Desperate Journey

by wjw on February 21, 2021

IMG_0423Here you see the Parthenon in snow.

If you’ve been paying attention to the international news, you’ll know that Greece and many parts of the Mediterranean have been hit with arctic cold this season about the same time that Texas was, and you may have seen pictures of the Parthenon standing there in a snowfield.

This, however, isn’t that Parthenon.  This Parthenon has a roof, and the statues in the pediment haven’t been plundered and carried off to England.  This is the Parthenon in Nashville, TN, which was built in the 1890s as part of some exhibition or other. because Nashville likes to think of itself as the Athens of, uhhh, Davidson County or someplace.

I passed by the Parthenon today because Kathy and I are traveling across country.

Kathy had been stuck in upstate New York for over three months, first looking after her ailing sister Alice, and then, after Alice passed, dealing with her estate.  That task finally over, I flew to Albany to join Kathy, and we are now in the process of driving home across a COVID- and snow-filled landscape.

Parts of the journey have been scary, and generally not the parts having to do with weather.  The air journey was scary, because there was no way to socially distance on an aircraft.  At one point I counted eight people within six feet of me, all of them presumably breathing toxic vapor.

While upstate I was confined to Alice’s house, which wasn’t scary except insofar as it had no internet for the likes of me.  Apple OS objected to the server as running an insecure protocol and refused to let me connect.  I was offline for several days.  Kathy’s gear worked fine.

We headed South into a winter storm that continued for a couple days in defiance of the forecasts.  The roads remained open and not scary despite the snow.  From West Virginia well into Tennessee, over 100 miles, we drove through an area that had recently been subjected to an ice storm.  Every tree was coated in ice, with the branches slumping down with the extra weight.  The sight was dazzling in sunlight, with the golden, sparkling trees going up and up as each ridge reached ever higher.

It would have been extremely scary to have been caught in that storm.  But it isn’t scary now.

Scarytime happened when we checked into a hotel.  Tennessee must have different rules (and more COVID cases) than elsewhere, because the mask rules are different.  The hotel bar featured a lot of unmasked people chatting away.  (Admittedly it is difficult to drink while wearing a mask.)  The hotel was full to the brim with high school women volleyball players, who traveled in large groups largely unmasked.

We went to our room, hid, and disinfected with a bottle of wine.

But at least there was Internet!  It allowed me to view all those photos of the Acropolis covered by snow.

Which brings me to a story. When I was a new, unpublished writer I had a friend who was doing classics at Yale.  She discovered that the Classics Department had a Travel Fund, and thought she should try to get them to fund a sojourn to Greece.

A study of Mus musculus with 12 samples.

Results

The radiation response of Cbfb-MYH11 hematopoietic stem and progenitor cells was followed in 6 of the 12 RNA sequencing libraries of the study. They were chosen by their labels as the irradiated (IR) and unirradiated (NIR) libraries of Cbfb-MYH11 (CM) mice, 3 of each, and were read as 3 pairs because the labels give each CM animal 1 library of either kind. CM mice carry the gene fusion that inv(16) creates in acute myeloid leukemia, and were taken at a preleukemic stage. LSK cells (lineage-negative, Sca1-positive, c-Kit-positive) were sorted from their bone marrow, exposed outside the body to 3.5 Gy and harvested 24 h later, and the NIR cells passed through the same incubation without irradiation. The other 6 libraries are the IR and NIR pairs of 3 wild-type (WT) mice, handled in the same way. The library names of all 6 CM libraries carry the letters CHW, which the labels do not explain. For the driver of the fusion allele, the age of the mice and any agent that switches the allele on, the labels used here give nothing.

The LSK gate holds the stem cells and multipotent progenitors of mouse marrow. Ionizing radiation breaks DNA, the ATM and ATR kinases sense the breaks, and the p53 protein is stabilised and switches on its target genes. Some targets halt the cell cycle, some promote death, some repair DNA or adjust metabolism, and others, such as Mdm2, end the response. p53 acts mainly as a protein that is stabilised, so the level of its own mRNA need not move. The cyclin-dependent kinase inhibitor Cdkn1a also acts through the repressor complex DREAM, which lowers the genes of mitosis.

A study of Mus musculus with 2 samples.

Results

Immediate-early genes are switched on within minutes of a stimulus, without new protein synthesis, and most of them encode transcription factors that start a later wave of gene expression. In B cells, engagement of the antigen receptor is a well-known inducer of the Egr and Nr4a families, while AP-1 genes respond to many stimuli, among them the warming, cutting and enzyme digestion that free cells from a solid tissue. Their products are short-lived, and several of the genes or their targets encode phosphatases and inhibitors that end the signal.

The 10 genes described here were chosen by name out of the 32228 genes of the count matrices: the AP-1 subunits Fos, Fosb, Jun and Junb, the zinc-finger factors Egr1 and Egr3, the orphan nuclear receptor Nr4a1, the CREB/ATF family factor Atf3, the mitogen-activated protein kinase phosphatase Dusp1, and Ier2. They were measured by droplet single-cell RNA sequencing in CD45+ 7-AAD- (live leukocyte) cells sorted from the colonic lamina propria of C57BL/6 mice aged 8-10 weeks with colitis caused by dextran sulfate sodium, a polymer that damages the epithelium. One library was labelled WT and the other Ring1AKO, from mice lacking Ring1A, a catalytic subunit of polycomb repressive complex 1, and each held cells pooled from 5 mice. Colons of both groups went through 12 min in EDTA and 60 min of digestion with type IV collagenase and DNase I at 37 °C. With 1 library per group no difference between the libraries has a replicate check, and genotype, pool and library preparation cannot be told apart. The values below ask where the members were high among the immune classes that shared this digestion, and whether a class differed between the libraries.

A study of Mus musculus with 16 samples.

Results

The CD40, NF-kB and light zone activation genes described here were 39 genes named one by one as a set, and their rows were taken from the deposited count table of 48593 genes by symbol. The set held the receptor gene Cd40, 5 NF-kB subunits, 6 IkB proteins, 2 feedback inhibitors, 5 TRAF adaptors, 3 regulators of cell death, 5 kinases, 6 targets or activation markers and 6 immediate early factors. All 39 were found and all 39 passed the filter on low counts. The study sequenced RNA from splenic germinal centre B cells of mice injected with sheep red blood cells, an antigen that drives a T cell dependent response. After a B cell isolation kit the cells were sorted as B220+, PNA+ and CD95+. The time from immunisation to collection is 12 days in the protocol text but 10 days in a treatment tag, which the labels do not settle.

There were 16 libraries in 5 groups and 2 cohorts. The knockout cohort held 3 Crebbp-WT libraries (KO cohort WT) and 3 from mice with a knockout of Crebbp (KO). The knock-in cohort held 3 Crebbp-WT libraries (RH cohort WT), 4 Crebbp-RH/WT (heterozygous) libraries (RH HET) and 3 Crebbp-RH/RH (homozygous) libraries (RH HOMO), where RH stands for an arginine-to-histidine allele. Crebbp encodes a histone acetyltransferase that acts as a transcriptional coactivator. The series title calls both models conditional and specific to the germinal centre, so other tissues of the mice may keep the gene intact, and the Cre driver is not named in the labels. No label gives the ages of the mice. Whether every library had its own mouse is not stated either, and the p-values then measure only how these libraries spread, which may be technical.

But it turns out the Travel Fund was established in the days when professors were expected to have private incomes.  (When you get a job at Yale, there’s a box you can tick to decline your salary, because you already have more money than you’ll ever need.)

Anyway, the Travel Fund was only good for a few hundred bucks, which you could use if you were already traveling in Greece and wanted a little extra to go look at Pylos, or somewhere.

So my friend and a colleague applied for $200 to go to Nashville and see the Parthenon.

I don’t think the department ever bothered to respond.

pixlaw February 22, 2021 at 10:19 am

Not having visited the Nashville Parthenon, I’m not sure, but it looks as though they take the 1890’s approach to Greek decoration, rather than the current thinking on the same. If you see the actual Parthenon, along with the various museum exhibits nearby, there’s an awful lot of data about the way it looked when first built, with painting, gilding, etc. all over the marble.

It fascinates me the way the reality of the original has been completely subsumed by our mistaken understanding/cultural shibboleths. It certainly makes me wonder what people 200 years from now will get wrong about us.

Darren Couillard February 22, 2021 at 8:19 pm

I think the Nashville Parthenon is kind of awesome, with the recreated statuary inside giving a sense of what it might have been like to enter the Parthenon in ancient times and view the goddess up close. The setting just isn’t nearly as picturesque as the original, however.

wjw February 22, 2021 at 10:28 pm

I think Nashville probably couldn’t afford the gilt and ivory, but they certainly could have afforded the gaudy paint that decorated the original. There are some parts that are brightly colored, though not visible in this photo.

They also couldn’t afford marble, so the building seems to be constructed of concrete, with pebbles for texture.

I didn’t get inside to see the statue of Athena, because though I was there when the building was supposed to be open, apparently the workers had awarded themselves a snow day without telling anyone.

John Appel February 23, 2021 at 8:03 pm

I know some folks in Nashville and other parts of Tennessee, as well some other fact-challenged parts of the country, and the “Lots of people indoors, none of them masked, many traveling from other places to which they will return” is a big part of why COVID will be screwing with the US for a while yet. Not the only reason to be sure.

The fact that many of these people also belong to a group that is now saying hard no to being vaccinated, to the tune of 60%, means things aren’t going to get better especially soon for some places.